A short while back I was trading emails with Scott Peterson when he mentioned that he’d made a couple of copies of Coffin’s Involution and there was one going if I was interested –about a week later it was in my grubby paws.
Scott was telling me that Involution is possibly one of Stewart Coffin’s less well-known designs and was an interim stage in the development of the Involute Cube – with Mr Coffin then favouring Involute over Involution. Having played around with both of them, Scott reckons he prefers Involution – and frankly I was sold on the idea from the point where he said he had one available!
My copy is made of wenge with olive wood picking out the corners. I’ve waxed lyrical about Scott’s craftsmanship a few times in the past and this puzzle is no exception to that rule. The fit is that good that Gill was convinced it was actually a box or a solid block – there is no clue to where the first piece is going to come out at all, and given this is a Coffin design, you’re not going to find it easily and it’s probably going to involve some sort of a strange Vulcan grip. Visual inspection is totally pointless given Scott’s fine craftsmanship, so I reverted to a methodical fondling to find something that might move...
Like Involute, there’s a key piece, slightly more oddly shaped on this puzzle and removing it allows one or two other bits to move, which in turn allows some funky stuff to happen. The family resemblance between Involute and Involution is hard to miss – there’s a really interesting section a little way in where both will let you have plenty of movement, without any pieces looking like they’re going to come free ... and Burr Tools won’t help with either of them! :-) If anything, the funky bit in the middle is slightly simpler on Involution than on Involute – and perhaps that’s why the great man favoured the latter.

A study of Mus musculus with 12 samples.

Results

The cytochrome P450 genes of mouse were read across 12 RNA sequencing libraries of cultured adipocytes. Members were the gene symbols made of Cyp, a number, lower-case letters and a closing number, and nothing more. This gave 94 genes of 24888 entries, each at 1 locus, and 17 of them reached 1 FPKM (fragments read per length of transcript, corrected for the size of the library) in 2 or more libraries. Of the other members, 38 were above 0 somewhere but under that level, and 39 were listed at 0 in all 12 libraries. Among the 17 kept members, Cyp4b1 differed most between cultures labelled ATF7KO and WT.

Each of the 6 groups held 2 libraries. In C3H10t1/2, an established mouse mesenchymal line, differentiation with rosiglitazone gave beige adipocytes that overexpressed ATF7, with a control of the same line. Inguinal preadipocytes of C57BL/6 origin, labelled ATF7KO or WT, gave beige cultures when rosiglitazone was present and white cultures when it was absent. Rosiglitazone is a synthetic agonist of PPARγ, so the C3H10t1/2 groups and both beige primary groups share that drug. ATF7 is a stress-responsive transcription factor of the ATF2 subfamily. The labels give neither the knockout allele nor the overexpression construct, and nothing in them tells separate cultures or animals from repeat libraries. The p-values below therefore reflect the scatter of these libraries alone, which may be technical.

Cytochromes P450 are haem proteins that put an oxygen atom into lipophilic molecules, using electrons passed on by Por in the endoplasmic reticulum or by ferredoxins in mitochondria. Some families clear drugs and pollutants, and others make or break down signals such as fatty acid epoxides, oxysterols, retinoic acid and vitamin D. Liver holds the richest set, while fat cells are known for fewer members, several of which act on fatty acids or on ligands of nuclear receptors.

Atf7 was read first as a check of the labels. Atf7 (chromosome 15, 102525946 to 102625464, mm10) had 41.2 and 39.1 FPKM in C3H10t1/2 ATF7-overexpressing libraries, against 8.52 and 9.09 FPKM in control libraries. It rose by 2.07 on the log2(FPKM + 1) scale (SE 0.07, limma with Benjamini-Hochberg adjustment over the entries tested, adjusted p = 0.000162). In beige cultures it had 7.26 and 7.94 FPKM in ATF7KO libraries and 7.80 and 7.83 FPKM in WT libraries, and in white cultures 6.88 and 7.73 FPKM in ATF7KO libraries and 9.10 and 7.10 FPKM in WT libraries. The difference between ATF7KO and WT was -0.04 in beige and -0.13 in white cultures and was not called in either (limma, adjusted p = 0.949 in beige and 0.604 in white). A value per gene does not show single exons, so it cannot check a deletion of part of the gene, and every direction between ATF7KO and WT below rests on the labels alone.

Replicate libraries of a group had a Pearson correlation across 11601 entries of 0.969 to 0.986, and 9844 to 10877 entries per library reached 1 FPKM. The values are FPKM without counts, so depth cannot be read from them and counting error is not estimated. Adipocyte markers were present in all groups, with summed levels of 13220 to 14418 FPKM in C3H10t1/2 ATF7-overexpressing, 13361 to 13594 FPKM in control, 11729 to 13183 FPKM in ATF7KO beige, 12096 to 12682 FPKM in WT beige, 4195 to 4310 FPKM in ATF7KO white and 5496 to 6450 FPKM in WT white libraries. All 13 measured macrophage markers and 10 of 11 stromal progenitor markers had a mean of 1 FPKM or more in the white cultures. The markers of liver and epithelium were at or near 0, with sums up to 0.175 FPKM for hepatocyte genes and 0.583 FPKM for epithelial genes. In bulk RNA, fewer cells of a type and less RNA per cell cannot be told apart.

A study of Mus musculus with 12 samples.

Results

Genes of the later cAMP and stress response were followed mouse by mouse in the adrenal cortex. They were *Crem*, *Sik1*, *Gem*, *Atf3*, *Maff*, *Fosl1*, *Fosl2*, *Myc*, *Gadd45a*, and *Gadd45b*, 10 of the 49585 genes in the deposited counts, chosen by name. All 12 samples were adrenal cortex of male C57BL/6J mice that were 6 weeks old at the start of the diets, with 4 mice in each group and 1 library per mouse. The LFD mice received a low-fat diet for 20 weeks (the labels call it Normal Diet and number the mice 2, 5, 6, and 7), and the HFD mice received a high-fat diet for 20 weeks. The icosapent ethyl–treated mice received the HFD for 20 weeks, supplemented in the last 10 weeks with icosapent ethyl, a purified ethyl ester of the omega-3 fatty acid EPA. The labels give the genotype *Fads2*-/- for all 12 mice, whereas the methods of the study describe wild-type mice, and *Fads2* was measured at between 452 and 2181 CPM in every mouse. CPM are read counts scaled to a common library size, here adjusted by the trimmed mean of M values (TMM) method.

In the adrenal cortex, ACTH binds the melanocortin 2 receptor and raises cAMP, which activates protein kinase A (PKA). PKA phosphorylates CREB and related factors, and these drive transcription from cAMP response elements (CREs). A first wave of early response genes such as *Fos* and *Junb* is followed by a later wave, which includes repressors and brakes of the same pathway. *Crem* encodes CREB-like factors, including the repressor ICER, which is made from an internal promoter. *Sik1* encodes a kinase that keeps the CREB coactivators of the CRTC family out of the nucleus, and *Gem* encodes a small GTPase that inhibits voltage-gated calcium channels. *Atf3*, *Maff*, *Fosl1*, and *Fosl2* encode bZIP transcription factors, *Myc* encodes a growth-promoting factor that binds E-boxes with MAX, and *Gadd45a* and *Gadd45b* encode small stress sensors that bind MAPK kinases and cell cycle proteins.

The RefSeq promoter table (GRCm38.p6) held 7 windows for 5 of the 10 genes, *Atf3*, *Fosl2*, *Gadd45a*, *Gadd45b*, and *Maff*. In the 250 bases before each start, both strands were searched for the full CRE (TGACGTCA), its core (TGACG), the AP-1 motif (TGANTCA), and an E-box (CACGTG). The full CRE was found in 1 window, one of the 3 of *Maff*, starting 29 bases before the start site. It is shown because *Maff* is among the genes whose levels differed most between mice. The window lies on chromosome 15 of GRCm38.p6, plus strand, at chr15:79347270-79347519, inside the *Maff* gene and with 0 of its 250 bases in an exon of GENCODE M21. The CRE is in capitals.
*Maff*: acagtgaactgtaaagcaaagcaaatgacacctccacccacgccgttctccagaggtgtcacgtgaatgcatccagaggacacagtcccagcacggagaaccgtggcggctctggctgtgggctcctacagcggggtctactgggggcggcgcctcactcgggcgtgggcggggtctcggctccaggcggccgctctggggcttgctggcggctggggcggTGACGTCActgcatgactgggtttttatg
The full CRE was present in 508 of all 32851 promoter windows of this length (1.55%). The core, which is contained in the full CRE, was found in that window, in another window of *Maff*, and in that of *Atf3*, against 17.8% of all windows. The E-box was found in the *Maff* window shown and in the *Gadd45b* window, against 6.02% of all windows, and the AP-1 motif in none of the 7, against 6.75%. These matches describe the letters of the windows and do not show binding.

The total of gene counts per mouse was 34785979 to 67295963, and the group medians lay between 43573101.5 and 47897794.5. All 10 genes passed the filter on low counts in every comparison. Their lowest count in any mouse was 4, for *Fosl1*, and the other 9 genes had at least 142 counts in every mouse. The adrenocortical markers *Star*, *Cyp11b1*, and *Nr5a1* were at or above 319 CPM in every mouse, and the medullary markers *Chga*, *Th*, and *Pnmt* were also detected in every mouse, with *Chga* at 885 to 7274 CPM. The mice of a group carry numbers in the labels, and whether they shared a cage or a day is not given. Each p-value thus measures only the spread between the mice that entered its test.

The first time I took Involution apart it really felt like a voyage of discovery – each successive move was incredibly well disguised – the fit is that good that the pieces cling together and don’t move at all, until you find the right places to put pressure on the assembly to get something moving. This puzzle doesn’t give up its secrets easily and the combinations of movements required, and indeed the rotations required keep things interesting.
Some designs begin giving up their secrets more and more rapidly as you progress – somehow this design doesn’t do that and it continues to force you to think and analyse the possibilities right through to the end ... in fact, there’s a spot about halfway through where you’ve already removed four pieces, but there’s no clue at all as to where to look for the next piece to come off ... and Scott’s work is that good, that even the last two pieces stay solidly together until you work out what the two shapes are and how they come apart.
Another cracking Coffin design expertly crafted by Scott Peterson – thanks Scott!